March 13th, 2015 | 7:00am

With the arrival of spring we’re leaping bravely into unfamiliar worlds—safe in the hands of experts, of course. An eerie peripheral dreamscape; quotidian life viewed from upside down or inside out, never as expected; the dark bureaucracy of the criminal underground; messages ferried to and from ghosts—these are unmapped terrains, and what better companions than these authors, their first cartographers? Expand your world(s) this month with these suggestions from our contributors and staff.

Recommended: Bone Map: Poems by Sara Eliza Johnson, Aimless Love: New and Selected Poems by Billy Collins, Blood and Money by Thomas Thompson, Self-Portrait in Green by Marie NDiaye, Elegies for the Brokenhearted: A Novel by Christie Hodgen.

March 12th, 2015 | 6:00am

 

AMHERST, MA. MAR. 12, 2015—From March 24–26, The Common literary magazine and Amherst College’s Copeland Colloquium will host a series of Arabic cultural events featuring internationally recognized writers, editors, translators, and musicians. Literary conversations will delve into the largely untranslated world of new Arabic writing, fiction in particular, and a live musical performance will bring Arabic music to local audiences. All events aim to broaden and deepen cultural exchange.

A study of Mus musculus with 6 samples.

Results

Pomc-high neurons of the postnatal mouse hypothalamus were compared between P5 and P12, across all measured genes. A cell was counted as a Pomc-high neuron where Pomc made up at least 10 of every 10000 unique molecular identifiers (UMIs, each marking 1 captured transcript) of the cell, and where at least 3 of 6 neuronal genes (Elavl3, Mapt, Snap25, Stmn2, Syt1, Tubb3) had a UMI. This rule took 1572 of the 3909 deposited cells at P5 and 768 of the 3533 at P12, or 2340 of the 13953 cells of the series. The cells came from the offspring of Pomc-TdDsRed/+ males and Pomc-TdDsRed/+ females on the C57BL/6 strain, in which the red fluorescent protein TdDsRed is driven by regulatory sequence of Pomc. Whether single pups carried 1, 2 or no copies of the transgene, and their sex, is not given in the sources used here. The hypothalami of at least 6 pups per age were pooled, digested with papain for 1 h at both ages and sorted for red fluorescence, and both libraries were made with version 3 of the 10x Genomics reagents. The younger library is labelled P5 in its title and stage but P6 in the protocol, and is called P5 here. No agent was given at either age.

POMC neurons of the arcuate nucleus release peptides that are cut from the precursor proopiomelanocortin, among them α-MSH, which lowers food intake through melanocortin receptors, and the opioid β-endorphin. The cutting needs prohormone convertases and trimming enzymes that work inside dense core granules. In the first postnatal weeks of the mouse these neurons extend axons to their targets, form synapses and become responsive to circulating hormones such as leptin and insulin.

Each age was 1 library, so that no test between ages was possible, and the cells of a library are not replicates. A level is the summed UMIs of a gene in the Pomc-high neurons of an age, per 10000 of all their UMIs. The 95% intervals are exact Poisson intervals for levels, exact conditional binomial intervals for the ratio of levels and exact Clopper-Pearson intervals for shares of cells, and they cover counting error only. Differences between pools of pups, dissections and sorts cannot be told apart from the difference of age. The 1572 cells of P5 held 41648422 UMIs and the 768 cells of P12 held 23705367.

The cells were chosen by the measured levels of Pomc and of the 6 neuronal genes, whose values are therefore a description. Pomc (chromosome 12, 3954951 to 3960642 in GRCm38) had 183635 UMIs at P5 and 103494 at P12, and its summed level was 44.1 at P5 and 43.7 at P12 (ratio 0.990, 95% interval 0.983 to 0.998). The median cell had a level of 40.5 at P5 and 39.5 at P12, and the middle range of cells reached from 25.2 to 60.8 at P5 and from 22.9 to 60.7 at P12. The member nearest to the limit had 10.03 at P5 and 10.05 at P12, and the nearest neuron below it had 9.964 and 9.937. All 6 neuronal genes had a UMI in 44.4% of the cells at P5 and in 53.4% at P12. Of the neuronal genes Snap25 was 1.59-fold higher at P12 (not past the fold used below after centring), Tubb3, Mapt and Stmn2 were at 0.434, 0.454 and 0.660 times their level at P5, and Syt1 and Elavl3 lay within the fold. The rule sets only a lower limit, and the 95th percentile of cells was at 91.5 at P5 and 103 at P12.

March 10th, 2015 | 6:00am

 

William Wenthe reads his poem, “Error Upon Me Proved,” from Issue 06.

March 6th, 2015 | 7:00am

In his 1838 “Essay on American Scenery,” Thomas Cole—the celebrated “founding father” of the Hudson River School of American landscape painting—wrote that American landscapes are:

a subject that to every American ought to be of surpassing interest; for, whether he beholds the Hudson mingling waters with the Atlantic—explores the central wilds of this vast continent, or stands on the margin of the distant Oregon, he is still in the midst of American scenery—it is his own land; its beauty, its magnificence, its sublimity—all are his; and how undeserving of such a birthright, if he can turn towards it an unobserving eye, an unaffected heart!

Photo by Flickr Creative Commons user Charlene N Simmons
March 4th, 2015 | 10:00am

Photo by Flickr Creative Commons user Charlene N Simmons

We were tipsy and in a good mood, Paul and I, coming home from our favorite bar in the whirlings of this season’s first “historic snowstorm,” when I noticed the figure floundering in the snow.

He was a dark clot of winter coat and baggy pants, on his knees, fumbling with a long rod. I peered at him.  

“Is he ok?” I said. “Oh—maybe he’s just fitting a snow shovel back together.” Our steps brought us closer. “Wait, that’s a cane.” And I could hear him now, muffled by his voluminous coat, swearing as he crawled toward the curb, inarticulately grumbling and shouting into the blank face of the snowstorm as he dragged the cane forward.